The video images of the Hungarian photo-journalist first being bumped by fleeing immigrants, while she was outside in a field taping, was troubling. Her name is Petra Laszlo, and she works for the Hungarian TV station N1TV. She was just doing her job, and found herself caught in a panic not of her making.
Having been there myself, I tried to sympathize as to how she must have felt. She had this large group of “outsiders” quickly surging her way, while she tried to capture the event for her employer. She might have been trampled.
What really turned a rather minor event, though, into a global embarrassment for all journalists, was her reaction. Indeed, it turned the relatively minor occasion into an international embarrassment for Hungary as a nation, but as important, globally, and professionally, for journalists and journalism as a trade.
I feel shamed.
She pro-actively was filmed doing her worst version of multitasking. With one appendage, she continued to do her job of chronicling the event for history. Yet, with another rather malevolent appendage, she threw the image of the media into the dust, as she actively thrust her leg and intentionally tripped a running man in obvious fear, indeed as he tried to carry his infant from harm. Then she kicked a young girl half her size. It was pretty clear, as well, that the young girl and the man she tripped had not intentionally harmed her.
Indeed, it was scary to see.
Interestingly, perhaps this woman epitomized the collective angst and unfriendliness of the Hungarian people toward these Syrian, Iraqi and Afghani newcomers. I hope not.
Rather, what really burns -- and what I would like to apologize to these immigrants for (as a longtime and proud member of the journalist community), is what this act said to the world about journalists.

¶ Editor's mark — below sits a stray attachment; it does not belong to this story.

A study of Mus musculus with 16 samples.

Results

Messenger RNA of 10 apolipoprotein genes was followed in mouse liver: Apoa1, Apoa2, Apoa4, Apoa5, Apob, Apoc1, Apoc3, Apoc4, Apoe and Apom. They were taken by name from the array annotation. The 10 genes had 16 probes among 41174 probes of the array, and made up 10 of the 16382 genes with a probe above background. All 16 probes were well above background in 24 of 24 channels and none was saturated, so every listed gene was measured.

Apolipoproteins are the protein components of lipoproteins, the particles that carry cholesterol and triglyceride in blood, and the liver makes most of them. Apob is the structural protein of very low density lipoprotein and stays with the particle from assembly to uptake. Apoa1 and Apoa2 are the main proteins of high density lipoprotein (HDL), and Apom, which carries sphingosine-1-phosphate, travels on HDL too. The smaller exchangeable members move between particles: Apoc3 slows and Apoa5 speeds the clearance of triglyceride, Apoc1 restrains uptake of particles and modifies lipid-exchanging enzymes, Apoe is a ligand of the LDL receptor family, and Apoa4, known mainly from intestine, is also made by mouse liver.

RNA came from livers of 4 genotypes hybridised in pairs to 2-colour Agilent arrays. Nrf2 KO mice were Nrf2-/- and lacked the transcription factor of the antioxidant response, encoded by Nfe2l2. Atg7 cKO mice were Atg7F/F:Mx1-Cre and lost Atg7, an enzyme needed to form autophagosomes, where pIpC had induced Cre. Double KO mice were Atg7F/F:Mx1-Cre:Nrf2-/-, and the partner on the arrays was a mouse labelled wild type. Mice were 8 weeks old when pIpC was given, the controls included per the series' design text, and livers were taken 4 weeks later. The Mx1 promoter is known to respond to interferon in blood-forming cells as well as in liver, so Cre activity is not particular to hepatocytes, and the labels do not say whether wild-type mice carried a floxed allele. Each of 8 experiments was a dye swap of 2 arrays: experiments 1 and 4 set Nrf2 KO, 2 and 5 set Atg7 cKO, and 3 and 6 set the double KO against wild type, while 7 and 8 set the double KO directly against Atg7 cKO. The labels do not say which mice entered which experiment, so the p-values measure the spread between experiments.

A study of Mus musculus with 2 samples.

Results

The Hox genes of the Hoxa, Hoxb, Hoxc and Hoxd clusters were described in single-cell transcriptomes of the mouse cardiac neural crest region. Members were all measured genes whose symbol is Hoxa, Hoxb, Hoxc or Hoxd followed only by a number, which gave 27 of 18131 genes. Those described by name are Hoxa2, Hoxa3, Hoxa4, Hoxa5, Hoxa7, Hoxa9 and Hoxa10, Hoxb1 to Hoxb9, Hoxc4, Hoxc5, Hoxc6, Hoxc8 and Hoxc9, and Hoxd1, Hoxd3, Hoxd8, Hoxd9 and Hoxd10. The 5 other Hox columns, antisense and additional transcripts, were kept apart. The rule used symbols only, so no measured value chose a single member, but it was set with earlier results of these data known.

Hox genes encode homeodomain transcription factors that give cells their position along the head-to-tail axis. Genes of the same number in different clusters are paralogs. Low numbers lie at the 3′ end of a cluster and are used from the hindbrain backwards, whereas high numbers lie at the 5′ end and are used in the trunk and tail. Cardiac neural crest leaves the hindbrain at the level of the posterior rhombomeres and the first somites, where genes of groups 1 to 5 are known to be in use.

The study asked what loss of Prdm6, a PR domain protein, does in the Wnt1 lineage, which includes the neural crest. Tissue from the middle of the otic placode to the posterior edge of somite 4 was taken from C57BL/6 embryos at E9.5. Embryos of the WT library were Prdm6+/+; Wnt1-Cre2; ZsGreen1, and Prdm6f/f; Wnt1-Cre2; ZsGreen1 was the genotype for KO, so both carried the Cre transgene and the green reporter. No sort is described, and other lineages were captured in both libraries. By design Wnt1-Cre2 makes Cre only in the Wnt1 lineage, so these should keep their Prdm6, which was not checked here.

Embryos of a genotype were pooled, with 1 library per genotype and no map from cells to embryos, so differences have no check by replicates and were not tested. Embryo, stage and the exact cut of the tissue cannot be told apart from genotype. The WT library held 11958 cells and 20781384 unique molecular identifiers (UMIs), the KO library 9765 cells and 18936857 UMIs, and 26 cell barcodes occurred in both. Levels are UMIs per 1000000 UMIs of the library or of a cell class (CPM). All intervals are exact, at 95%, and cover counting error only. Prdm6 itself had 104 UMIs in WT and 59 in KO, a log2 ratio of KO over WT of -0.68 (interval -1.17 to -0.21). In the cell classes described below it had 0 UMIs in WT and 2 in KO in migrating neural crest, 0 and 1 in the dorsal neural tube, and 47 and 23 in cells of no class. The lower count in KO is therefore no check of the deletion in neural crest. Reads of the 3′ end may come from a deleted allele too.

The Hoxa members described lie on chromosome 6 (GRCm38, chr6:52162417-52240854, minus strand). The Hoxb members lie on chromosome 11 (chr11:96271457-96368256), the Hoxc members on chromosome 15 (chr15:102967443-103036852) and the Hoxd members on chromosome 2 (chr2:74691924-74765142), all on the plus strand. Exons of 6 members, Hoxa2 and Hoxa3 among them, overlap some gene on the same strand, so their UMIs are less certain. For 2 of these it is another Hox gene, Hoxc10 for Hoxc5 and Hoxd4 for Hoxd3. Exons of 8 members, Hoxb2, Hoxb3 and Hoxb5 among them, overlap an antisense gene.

In doing this, I sincerely hope that the world gets what I have always said. I hope it gets what I still believe fervently is true: The profession of journalism is indeed a noble one. And it remains so.
I base this upon, and am comforted on this 9/11 by, the knowledge that 14 years ago today my profession did its job stunningly well, as it captured a truly world-changing event in New York; Washington, D.C.; and Shanksville, Pa.
Yet, just as is true with any profession, there are bad apples. There are those who let the bad side of their natures and their bad acts get the better of them. This was truly the case with this rather weak videographer this past week in Hungary.
But --I think I will be able to say this forever -- actions like hers will never be representative of the trade of journalism, nor journalists.
In conclusion, to the people of Hungary, and most fervently and importantly to the immigrants and to the rest of the world (as but one sincere journalist on behalf of our profession): I, and we, apologize. This woman does not represent us, and she is not representative of the great good our profession or what we do.
Thank you, in advance, for your understanding and continued positive attitudes toward us and what we do.
We journalists will keep trying to earn that.
Jimmy Schaeffler is chairman and CSO ofThe Carmel Group, astreaming/broadband, broadcast and pay TV/video consultancy based in Carmel by the Sea, Calif.; he writes about telecommunications and media.